Clients who call at unreasonable hours with unrealistic demands are fairly common in the real estate business.
While their requests sometimes seem inappropriately timed, put yourself in their shoes for a moment. With hundreds of thousands — perhaps millions — of dollars on the line, any hiccup leads to panic.
Buying a home is one of the largest life-changing purchases someone can make in a lifetime. Is it so unreasonable that they expect you to be at their beck and call?
Actually, no, and history shows agents have usually complied with such demands. With the decline of customer service came the decline of the accessible agent.
Customers are still irreplaceable
Traditional agents were once some of the most readily available professionals in the client-facing industry. Most listed their home phone numbers on their business cards — precellular era, of course. Nonetheless, having access to your agent when they were off the clock was somewhat relieving.
The bank managed to screw up a down payment transfer? Clients could rest assured knowing their agent would communicate the issue with the seller to buy some time. But that request has to be made right away — especially for hot homes with multiple offers on the line.
Pre-Internet agents operated similar to bankers attempting to close big business deals — on call 24/7.
“Even though others sneered at the practice, I thought it represented the essence of the profession, ‘I am here to serve you day and night.’ Wow,” stated Brad Inman via the Inman Connect Facebook page.
The reasoning behind this unparalleled level of customer service had to do with quality over quantity. Once upon a time, agents had only a few clients under their wing at once, and they worked ’round the clock to tie up loose ends and ensure a happy outcome for all parties, including themselves.
An endless possibility of inbound leads via online marketing and advertising makes cultivating quality relationships difficult, to say the least. But it’s still just as important as it was 30 years ago.
Business is business. If you want to seal the deal and develop a long-term working relationship, work solely off of referrals and boast a flattering reputation, it’s wise to treat each client like your only client.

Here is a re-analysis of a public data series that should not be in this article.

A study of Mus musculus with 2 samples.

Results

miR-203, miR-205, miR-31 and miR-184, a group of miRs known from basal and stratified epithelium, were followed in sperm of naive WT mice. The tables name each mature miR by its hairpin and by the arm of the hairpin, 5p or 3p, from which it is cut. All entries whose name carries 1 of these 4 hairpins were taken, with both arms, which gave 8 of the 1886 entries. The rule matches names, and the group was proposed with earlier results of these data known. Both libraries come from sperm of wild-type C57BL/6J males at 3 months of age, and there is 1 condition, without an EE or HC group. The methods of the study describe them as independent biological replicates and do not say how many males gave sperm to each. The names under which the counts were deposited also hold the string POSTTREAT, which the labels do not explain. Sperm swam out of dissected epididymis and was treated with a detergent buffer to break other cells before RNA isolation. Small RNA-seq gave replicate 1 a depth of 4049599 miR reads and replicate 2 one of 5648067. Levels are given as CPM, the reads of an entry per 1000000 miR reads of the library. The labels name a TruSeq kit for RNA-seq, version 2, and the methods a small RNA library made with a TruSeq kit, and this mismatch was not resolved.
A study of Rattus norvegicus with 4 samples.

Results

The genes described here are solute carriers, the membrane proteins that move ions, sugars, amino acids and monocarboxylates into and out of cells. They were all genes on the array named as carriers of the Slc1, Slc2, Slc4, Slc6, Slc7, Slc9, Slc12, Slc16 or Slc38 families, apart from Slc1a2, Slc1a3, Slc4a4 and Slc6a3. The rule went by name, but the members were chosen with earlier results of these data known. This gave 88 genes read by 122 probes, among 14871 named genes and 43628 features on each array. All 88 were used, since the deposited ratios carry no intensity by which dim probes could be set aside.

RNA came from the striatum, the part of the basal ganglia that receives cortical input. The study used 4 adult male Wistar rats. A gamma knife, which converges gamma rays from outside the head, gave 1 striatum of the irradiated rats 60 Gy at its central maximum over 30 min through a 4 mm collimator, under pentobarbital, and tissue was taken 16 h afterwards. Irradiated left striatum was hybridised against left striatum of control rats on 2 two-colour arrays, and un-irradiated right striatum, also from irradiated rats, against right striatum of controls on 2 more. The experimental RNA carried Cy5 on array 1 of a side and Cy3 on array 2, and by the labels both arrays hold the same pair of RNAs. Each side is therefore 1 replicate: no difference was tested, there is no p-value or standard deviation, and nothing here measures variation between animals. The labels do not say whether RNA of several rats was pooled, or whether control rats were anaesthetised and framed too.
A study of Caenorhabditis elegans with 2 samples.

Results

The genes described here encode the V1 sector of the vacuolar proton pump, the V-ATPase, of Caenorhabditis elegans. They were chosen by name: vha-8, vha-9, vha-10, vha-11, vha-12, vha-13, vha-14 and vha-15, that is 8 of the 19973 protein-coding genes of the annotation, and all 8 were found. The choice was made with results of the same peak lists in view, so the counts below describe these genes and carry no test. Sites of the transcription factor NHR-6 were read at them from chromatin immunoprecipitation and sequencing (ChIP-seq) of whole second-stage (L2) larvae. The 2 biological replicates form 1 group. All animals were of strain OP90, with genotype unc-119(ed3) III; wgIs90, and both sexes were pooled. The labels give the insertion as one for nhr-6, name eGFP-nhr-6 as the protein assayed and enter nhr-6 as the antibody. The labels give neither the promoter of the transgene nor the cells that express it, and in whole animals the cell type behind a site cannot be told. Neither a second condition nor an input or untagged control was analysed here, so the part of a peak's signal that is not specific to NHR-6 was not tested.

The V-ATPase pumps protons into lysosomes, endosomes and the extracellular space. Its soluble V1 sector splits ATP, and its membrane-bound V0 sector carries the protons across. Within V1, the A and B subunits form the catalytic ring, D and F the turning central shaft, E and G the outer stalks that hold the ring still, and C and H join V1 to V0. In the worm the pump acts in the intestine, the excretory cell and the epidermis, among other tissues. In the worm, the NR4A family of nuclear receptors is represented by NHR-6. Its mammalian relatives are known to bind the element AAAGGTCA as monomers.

Where work-life balance becomes skewed
Being accessible doesn’t mean you have to forgo a personal life. There’s an erroneous assumption, in virtually every profession, that a hard worker doesn’t vacation, read books or get a full night’s sleep.
Working hard and working smart are two vastly different qualities, and managing your time diligently can give you the work-life balance you desire — and deserve.
The problem lies in those who take the life aspect too seriously. Face it — you’re on commission. If you aren’t having a good month, you can’t afford to take a break. Although big companies pride themselves on their “work-life balance” agendas, it’s usually in the form of in-office events.
It’s meant to feel like a break, but it’s really an excuse to stay in the office until 6 p.m. and create a better sense of community with your co-workers, and hopefully, strengthen the business internally. Don’t be fooled by every company review you read. Everyone’s working long hours.
Even so, out of the office vacations are easier when you’re working on a salary. Vacation days and sick days are not the norm in real estate.
But you’ll be happy you worked the day after Thanksgiving when the majority of agents are out of town — and when potential buyers have the day off to tour homes and apartments. You’ll essentially have the pick of the litter.
Technology has plagued our expectations
We live in the era of instant gratification, and being an agent doesn’t necessarily provide timely results. From initiating contact, sending listings, scheduling showings, drafting paperwork and closing deals, the process takes at least a few months.
But with technology making most aspects of our daily lives quicker, we’ve lost our motivation to wait patiently for the final payout. It’s no surprise that only 20 percent of agents are responsible for 80 percent of closings, according to the National Association of Realtors. The rest struggle with little or no business.
Technology has made the job easier, but also a lot more difficult. Easier access to listings gives consumers the opportunity to go over your head, especially with rentals where lessees can go straight to the listing agent or building manager.
Buyers and sellers have hundreds of agents to choose from at their touch screen-obsessed fingerprints. Simply put, less dedicated consumers fail to motivate agents. Well, at least the lackluster ones.
“Good agents have not changed their behavior, with or without technology. They contribute the most value in a real estate deal. Hands down,” Brad Inman concluded.
Don’t let changing times waver your dedication. Potential clients will seek you out based on your work ethic, making you an anomaly among many in the industry today.